ONE of the key selling points for a laptop – be it a high-end gaming system or a one of the Apple M1/M2 Silicon Chip MacBooks – is that you can take it with you and play games (or work, I guess) in somewhere other than your house.
While they are an all-in one system, most of us know that trying to game with a trackpad is not usually a practical proposition (especially in action-orientated games), and using the attached keyboard means you have to have the laptop essentially on your lap (or right in front of you) to get the most use out of.
Having a wireless keyboard and mouse is therefore extremely useful when you want a bit more flexibility, and the two products reviewed here – the Satechi Slim X1 Bluetooth backlit keyboard and the Satechi M1 Wireless Mouse – offer exactly that.
The Satechi Slim X1 Bluetooth keyboard is a backlit wireless keyboard designed for post-2012 MacBooks. It measures 28cm x 11.4cm x 1cm and weighs 295g, making it compact and portable. It is made from aluminium and plastic, feeling durable with no flex, yet being small and light enough to carry around with the laptop.
From a size, layout and key-feel experience, it is identical to the keyboard on a MacBook Pro and connects seamlessly via Bluetooth, much like any other accessory.
When I first connected it, the MacOS system said it did not recognise the keyboard style and asked me to go through a simple configuration process, at which point it established the layout and the keyboard has worked without issues since.
From a gaming perspective, the smaller size of the keyboard and it’s low-travel keys (about 1mm, the same as the MacBook) mean it’s not designed for fast-paced competive games, but for regular gaming use it’s just like using the inbuilt keyboard on the MacBook – ie, totally fine.
In addition, the keyboard also works with iPads, and in this role would be a very good option for adding effective typing and keyboard functionality to the device. The X1 can store up to 3 device connections, meaning you can quickly switch between in-use devices with a button press.
Satechi say a full battery charge (which takes about 2 hours via a USB-C cable) should last for 45 hours of use, or 12 days on standby, and I certainly didn’t have any issues with battery life during testing. The adjustable-brightness backlighting will automatically dim and shut itself off after a period of inactivity too, helping to preserve the battery.
The range on the keyboard was surprisingly long, too – I put a MacBook pro on one side of a decent-sized living room and sat on the other, and was still able to type and enter keyboard commands without any lag or connection issues (although it was pretty much impossible to read the text in a word document on the screen from that distance).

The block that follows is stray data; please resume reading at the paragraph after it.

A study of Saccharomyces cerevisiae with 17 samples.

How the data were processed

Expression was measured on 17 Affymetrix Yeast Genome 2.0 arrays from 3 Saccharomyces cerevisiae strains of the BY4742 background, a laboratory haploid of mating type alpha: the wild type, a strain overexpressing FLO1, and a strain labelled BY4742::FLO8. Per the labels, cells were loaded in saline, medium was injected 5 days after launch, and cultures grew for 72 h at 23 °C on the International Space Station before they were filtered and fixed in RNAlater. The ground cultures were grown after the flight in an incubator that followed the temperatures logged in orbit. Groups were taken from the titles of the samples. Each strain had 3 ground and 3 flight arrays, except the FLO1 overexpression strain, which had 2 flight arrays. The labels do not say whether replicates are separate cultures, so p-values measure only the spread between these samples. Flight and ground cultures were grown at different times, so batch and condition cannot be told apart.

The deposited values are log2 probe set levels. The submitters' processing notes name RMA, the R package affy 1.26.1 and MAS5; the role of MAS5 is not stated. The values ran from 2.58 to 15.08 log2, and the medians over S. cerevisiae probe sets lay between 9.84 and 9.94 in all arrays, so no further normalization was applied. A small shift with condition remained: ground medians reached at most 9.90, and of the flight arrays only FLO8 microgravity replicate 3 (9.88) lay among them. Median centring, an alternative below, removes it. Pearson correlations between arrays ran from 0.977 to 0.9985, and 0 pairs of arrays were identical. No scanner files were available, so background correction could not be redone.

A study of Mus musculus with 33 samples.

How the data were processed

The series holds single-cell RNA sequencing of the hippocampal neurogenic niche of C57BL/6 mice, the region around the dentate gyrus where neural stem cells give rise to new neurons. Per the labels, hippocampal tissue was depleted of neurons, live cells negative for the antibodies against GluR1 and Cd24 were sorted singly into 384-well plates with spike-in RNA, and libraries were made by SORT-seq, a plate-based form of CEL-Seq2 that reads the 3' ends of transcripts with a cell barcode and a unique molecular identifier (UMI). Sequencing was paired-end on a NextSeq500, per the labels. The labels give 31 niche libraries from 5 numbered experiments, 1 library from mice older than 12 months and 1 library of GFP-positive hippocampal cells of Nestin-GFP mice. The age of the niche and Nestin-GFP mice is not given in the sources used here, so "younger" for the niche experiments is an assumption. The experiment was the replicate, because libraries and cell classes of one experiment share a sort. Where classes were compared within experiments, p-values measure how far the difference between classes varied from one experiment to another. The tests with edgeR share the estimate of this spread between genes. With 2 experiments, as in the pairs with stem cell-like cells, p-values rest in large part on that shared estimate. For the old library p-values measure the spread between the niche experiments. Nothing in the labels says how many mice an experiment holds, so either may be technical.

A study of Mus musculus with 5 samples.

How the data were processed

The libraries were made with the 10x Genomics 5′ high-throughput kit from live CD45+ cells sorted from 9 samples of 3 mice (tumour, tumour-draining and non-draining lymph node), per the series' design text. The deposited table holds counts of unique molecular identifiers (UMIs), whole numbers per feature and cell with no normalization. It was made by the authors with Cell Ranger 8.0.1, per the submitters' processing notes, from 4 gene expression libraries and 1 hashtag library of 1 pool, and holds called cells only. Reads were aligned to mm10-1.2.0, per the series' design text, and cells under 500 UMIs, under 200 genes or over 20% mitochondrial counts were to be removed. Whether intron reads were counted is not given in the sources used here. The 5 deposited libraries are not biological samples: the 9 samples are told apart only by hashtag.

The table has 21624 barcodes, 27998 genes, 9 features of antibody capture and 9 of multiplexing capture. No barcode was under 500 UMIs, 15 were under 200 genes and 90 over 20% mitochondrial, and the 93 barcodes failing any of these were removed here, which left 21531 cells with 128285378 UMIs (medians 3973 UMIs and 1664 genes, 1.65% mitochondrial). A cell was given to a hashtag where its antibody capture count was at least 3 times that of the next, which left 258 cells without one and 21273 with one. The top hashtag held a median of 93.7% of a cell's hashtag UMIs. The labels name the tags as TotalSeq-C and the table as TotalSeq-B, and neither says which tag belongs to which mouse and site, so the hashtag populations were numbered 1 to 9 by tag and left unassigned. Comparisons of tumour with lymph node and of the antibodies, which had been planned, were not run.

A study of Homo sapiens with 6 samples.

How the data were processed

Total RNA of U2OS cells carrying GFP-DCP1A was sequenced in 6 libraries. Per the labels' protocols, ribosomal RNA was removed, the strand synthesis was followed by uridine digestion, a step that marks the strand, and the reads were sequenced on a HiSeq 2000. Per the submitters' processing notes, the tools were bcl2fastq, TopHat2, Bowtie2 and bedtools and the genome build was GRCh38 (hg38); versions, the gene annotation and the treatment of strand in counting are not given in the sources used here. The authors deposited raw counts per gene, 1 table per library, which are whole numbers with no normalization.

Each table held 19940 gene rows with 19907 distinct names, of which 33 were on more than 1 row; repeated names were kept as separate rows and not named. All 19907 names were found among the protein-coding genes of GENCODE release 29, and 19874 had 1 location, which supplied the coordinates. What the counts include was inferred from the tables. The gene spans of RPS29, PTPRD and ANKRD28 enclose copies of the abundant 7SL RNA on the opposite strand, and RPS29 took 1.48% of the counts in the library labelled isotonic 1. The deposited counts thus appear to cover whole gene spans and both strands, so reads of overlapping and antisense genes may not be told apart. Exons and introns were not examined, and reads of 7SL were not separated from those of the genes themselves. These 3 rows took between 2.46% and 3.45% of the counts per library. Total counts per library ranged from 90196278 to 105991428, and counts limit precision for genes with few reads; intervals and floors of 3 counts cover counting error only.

Adding to the appeal, the X1 costs about AUD$119 at time of writing, which is a very good price for a quality wireless, Mac-compatible keyboard.
The Satechi M1 Wireless Mouse is both an excellent companion to the X1 keyboard as well as being a solid wireless mouse in its own right.
Size-wise, it measures 11cm x 5.7cm x 3.2cm and weighs a modest 175g. It’s small enough to be portable and not take up lots of space in a cramped working or gaming environment, but big enough to be comfortable use and not feel fiddly either.
The wireless connection is via Bluetooth and the mouse charges via USB-C; it can be charged while in use if you need to as well. Like the X1, it is intended for post-2012 Mac systems.
While it’s not a specialist gaming mouse, The Satechi M1 is still perfectly serviceable for straightforward games, with tracking of up to 1200 DPI.
It has a left and right mouse button as well as a clickable scrollwheel; which is, let’s be honest here, all most gamers are likely to use anyway.
The whole unit feels well-made and the buttons, while requiring more pressure to use than a dedicated gaming mouse, still work fine and certainly didn’t cause me any issues. Despite having large hands I still found the mouse comfortable to use for both gaming and work, and it was just the right size to fit into one of the internal storage pockets in my backpack, too.
The Satechi M1 wireless mouse retails for around AUD$49, which seems like a fair price to me – it’s stylish, well made and, according to Satechi, will last 45 days been charges.
Given the respectable range on both units, there’s no reason you couldn’t plug your MacBook or laptop into a TV via an HDMI connection then go and sit on the other side of the lounge and use the X1 keyboard and M1 mouse for a gaming session.
They might not be optimal for a competitive DOTA 2 match or a high-intensity raid in World of Warcraft, but for something a bit slower paced (say, Hitman, Company Of Heroes 3, or Civilization VI), both the Satechi Slim X1 Bluetooth Keyboard and the Satechi M1 wireless mouse give a good account of themselves.
These are useful, stylish and practical accessories that will complement a MacBook or laptop very nicely, and given their reasonable pricing I am happy to recommend these to anyone needing a portable but sturdy wireless keyboard and/or mouse for general use.